Last month, in honor of the 20th anniversary of Radiohead's "Creep," SPIN ranked 10 of the enduring single's most clicked cover versions. A week later, we received an e-mail from our No. 3, the so-called "Homeless Mustard," whose stirring rendition for Sirius XM's Opie and Anthony has racked up over 9 million YouTube views since he recorded it on a winter morning in 2009. As it turns out, Daniel Mustard not only has a roof over his head now, but a new EP, Fragments of Bone, which he funded by raising $16,262 on Kickstarter. We caught up with the cleaned-up artist to talk about the pros and cons of living with schizos, the parallels between busking and Kickstarting, and the song that helped pull him from "the depths of hell."
The world's introduction to you was as a homeless man beautifully covering Radiohead’s "Creep." What do you remember about that experience?
I was living in [New York's] Washington Square Park, a stinking drunken bum. I was brought onto show to participate in a gag they do called "Homeless Shopping Spree," where they give homeless people a bunch of money and ship them out to a mall somewhere, the joke being how surburbanites respond. It was a nice alternative to going to central booking, which was my other option.
It was early in the morning. I was already drinking. I had a wake-up bottle of vodka, which you can see — the orange juice — sitting next to me in the clip. I didn't know who Opie and Anthony were, or put any significance on where I was. I think they were looking for crazy people, and they were surprised to find someone relatively normal. I mentioned I play, write songs and sing, so they brought me a guitar.
I started off with my own song, "The Last Time We Met," and they were blown away, so they said, "play a cover." I used to play a whole set of them in the park every day, but I couldn't remember any of those. I hadn't owned a guitar in months, I was at my lowest point, and all I could think about was "Creep. " I knew it well because it was significant to me when it came out 20 years ago and I was in high school.
What were the first signs that the video was becoming a bit of a phenomenon?
I played a few more songs, they gave me a bunch of money, and then I left. I went out and bought a big bottle of Svedka and a bag of socks and I didn't think another thing of it. Three days later I was on Broadway and I approached this kid trying to a bum a cigarette, and he was like, "Hey, you’re Mustard!" Then he told me about the "Creep" clip and how it had hundreds of thousands of hits.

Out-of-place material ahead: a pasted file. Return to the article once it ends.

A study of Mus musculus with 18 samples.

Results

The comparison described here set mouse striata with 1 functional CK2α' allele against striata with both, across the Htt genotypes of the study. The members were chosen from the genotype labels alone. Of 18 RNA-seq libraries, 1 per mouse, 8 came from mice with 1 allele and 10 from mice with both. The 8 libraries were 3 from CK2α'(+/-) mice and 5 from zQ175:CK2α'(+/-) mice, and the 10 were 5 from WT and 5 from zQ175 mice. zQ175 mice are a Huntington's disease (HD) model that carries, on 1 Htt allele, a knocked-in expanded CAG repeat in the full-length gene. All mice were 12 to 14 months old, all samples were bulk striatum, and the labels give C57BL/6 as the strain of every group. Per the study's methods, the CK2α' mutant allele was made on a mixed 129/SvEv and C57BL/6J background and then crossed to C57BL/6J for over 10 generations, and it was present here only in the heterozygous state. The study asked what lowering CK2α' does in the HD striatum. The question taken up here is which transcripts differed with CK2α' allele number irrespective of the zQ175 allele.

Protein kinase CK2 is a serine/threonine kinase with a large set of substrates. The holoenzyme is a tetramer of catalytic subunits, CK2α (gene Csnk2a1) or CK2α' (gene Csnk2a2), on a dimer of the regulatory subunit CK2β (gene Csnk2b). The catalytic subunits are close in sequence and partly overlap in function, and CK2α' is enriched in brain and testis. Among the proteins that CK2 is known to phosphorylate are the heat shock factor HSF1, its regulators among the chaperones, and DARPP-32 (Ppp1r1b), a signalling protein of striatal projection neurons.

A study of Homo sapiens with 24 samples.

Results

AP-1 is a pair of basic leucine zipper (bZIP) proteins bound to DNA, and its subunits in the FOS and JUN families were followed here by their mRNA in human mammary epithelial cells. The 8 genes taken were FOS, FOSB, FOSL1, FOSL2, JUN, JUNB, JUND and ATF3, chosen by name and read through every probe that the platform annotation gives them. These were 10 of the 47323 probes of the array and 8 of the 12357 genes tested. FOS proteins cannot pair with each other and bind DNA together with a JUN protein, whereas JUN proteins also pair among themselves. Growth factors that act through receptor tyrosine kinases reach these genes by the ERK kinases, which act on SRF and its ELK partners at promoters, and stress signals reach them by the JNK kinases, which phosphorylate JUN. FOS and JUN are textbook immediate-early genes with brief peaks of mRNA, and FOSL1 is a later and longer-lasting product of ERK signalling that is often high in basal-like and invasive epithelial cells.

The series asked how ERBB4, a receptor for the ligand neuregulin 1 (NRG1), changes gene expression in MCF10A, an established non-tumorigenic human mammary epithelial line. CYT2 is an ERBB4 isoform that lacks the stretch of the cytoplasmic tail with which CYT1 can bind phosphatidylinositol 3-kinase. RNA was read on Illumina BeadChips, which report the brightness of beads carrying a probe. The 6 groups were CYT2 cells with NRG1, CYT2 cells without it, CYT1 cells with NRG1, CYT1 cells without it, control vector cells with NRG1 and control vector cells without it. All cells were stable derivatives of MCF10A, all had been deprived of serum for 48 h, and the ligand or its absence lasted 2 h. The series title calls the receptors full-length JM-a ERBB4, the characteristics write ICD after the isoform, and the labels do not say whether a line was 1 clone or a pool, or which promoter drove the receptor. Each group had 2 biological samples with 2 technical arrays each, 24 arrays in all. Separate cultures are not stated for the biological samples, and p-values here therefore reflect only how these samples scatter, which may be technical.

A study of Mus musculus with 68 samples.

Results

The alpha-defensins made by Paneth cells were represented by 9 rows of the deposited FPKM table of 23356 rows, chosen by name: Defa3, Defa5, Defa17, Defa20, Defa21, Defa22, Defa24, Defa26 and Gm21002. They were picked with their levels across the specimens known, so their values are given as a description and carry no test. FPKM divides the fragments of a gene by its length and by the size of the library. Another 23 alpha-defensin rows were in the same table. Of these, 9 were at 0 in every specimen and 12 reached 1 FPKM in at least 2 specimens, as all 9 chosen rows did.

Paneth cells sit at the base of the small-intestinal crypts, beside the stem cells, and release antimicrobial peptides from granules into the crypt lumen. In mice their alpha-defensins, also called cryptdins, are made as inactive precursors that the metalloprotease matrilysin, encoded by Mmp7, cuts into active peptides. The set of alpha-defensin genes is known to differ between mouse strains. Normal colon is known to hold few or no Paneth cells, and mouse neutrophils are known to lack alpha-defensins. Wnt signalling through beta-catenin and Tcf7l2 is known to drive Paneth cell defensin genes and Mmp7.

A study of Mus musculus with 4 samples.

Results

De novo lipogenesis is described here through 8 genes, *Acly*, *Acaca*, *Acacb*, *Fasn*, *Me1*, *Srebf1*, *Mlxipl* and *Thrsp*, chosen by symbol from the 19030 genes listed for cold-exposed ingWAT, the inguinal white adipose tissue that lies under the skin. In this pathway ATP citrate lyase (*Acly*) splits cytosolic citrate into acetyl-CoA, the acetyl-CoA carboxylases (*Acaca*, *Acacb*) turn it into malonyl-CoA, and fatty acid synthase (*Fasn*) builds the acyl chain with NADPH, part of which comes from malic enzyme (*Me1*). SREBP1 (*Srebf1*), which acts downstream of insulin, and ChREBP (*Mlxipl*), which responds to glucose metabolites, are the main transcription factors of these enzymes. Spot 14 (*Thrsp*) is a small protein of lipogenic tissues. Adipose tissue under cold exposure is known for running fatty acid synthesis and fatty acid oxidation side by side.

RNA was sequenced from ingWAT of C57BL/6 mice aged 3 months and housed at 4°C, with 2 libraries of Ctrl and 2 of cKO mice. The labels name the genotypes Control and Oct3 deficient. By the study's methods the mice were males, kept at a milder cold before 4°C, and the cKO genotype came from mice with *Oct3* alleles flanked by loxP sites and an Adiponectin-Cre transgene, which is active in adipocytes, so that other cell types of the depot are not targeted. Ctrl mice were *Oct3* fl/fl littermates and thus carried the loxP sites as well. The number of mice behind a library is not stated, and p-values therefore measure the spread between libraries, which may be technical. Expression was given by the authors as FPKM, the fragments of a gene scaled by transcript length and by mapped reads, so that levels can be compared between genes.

What really started to affect me was people contacting me through Facebook. That made me laugh and cry. I'd literally had 75 friends. Now I have two accounts and 8,000 friends. I received message after message from people all over, saying how much it affected them, how much it moved and inspired them. When you're a bum living in a park, it's like, "How the fuck could I be an inspiration to anyone?"
What did that song mean to you what does it mean to you now?
I always felt like a misfit in high school, and I went to a performing arts high school, which is a whole group of misfits, really. So I related to that feeling of inadequacy or unworthiness. It only occurred to me much later that it'd strike people as poignant to see a homeless man singing, "I'm a weirdo, what the hell am I doing here?"
Where are you living now? Did having an audience help you get clean?
When you're homeless, you're invisible to people — like literally. They will step over you, ignore you when you talk, look right through you. It's a really haunting thing to experience every day. So to suddenly have people who wanted to know my name, who wanted details about my life...that was a huge influence.
I live in a shelter in Chelsea, on a bay with about 30 men. There are two bays per floor and about five floors, so it's a strange environment to say the least. Most are just out of prison, and it's a "mentally ill and chemically addicted" shelter, so it's pretty rock'n'roll. There are lots of schizophrenics, who can be fun, but they do not forgive and they do not forget. That's actually what "Last Time" is about.
There are three meals a day and a 10 p.m. curfew, which is kind of a pisser, because I might be at the studio and have to leave. All shows have to be booked at, like, 6 p.m. But having an audience helped me rediscover a will to live, which is the basis of all that "trying to get better." Living in the park and staying shitfaced was my version of crawling into a hole and dying. I was trying to drink myself to death.
You funded your new Fragments of Bone EP via Kickstarter. Do you see a connection between that and busking in the street?
Absolutely! Don't you? Spare change, man! Although I never made much busking. I'd play songs, and people would gather and listen and clap and even thank me, but they wouldn't give me their money. I made more sitting on a piece of cardboard crying to myself. Kickstarter seemed like the logical thing to do. I had this audience who have been on this whole journey and struggle with me. They are part of it.
One backer bought the $450 "homeless walking tour." Have you done it yet?
Well, she lives in California and is disabled, so she isn't actually able to travel, but what we've done in lieu of that is shoot video of me giving a tour of the park and Greenwich Village — places that mean things to me — and we'll put that together and send that to her, plus probably use the footage for something else too.
Ever hear from Radiohead's camp? Or heard that they heard it?
I have not, and it’s my understanding Radiohead doesn't do that song anymore. A lot of acts scoff at the music that made them famous. I never quite understood that. Me, I'll probably be doing "Creep" for the rest of my life, and I think I'm okay with that. I know a lot of people who are still in the streets. There is nothing like this for them. There is no option, there is no road, there are no bootstraps.